Here in my home state of Nebraska, one can occasionally hear a song on any of the local country music radio stations concerning 9/11, the war in Iraq or a related theme. About once a month while I am surfing the digital dial, such a song comes on the radio, in which a listener undoubtedly often feels pangs of patriotism and feeling of American pride. It's good to hear and not overplayed. Songs like "Letters from Home," "Courtesy of the Red, White and Blue," and "Where Were You When the World Stopped Turning," among others, were written to stir feelings of nationalist pride and resolution. However, since yesterday, the day before the midterm election, my ears have been bombarded with one patriotic, war-spirited song after another on these country music stations, prompting me to ask myself, "Why are they suddenly playing these songs now? What is the agenda?" I can't help but get the impression that the station managers and executives are carrying out a subtle, insidious campaign to subconsciously influence their audience to vote in favor of candidates advocating a "stay the course" policy in Iraq.

Yet what makes me even more uncomfortable than the feeling that I am being manipulated is the disdain I feel toward these stations for actually manipulating listeners who have no idea they are being passively influenced, willingly or otherwise. Unlike open advertising whose sole purpose for influencing listeners is to generate revenue from the sale of some service or product, these stations subtly manipulate their audience by reinforcing the conservative agenda through their music. Country music listeners, they imagine, are conservative voters and want to "stay the course" in Iraq, so they play war-songs to remind them to vote for pro-war candidates. It is a self-fulfilling undertaking, for by encouraging their listeners to vote in a particular way, they also encourage more listeners of a conservative bent to listen to their stations. When more conservative listeners tune in, the stations in turn play more conservative music to inspire more listeners.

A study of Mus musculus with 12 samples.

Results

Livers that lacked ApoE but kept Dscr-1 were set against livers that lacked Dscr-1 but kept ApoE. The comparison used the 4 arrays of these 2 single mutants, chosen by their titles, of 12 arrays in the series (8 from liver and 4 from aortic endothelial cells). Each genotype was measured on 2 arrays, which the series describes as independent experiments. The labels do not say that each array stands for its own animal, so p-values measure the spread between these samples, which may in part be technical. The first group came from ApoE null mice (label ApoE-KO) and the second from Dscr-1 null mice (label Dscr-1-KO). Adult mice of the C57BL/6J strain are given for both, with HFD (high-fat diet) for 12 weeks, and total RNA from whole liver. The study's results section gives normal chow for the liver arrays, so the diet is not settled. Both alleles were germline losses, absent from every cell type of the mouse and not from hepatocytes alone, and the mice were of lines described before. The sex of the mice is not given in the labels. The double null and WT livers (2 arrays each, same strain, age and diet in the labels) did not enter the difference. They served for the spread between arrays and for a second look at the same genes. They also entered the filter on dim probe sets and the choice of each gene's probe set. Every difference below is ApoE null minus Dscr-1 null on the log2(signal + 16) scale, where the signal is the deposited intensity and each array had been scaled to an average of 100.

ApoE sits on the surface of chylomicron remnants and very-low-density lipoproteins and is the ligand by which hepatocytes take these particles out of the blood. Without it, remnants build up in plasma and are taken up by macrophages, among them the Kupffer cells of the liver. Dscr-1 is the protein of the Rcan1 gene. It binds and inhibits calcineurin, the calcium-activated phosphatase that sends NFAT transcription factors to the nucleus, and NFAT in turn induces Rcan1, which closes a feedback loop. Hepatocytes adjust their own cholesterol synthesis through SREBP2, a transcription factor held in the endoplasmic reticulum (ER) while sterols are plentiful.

Now the fact that a radio station caters to its listeners demographics is not at issue. What I do take issue with is the fact that their listeners are obviously being manipulated to vote for conservative, pro-war candidates as exemplified in the sheer volume of patriotic war songs they are playing even at this very moment. Why corporate radio owned by the likes of Clear Channel Communications and Alliance Broadcasting should desire to influence an election is almost beyond ethical comprehension since typically corporations are non-partisan organizations, but undoubtedly it has ultimately to do with money, driving a conservative listenership to listen to those stations which reflect not only their taste in music but their political tastes as well.

Woe to the consumer, though, should the rest of corporate America decide to take such a passive-aggressive role in influencing their customer's voting behavior, for it speaks to a political partisanship that is needlessly manipulated for monetary gain.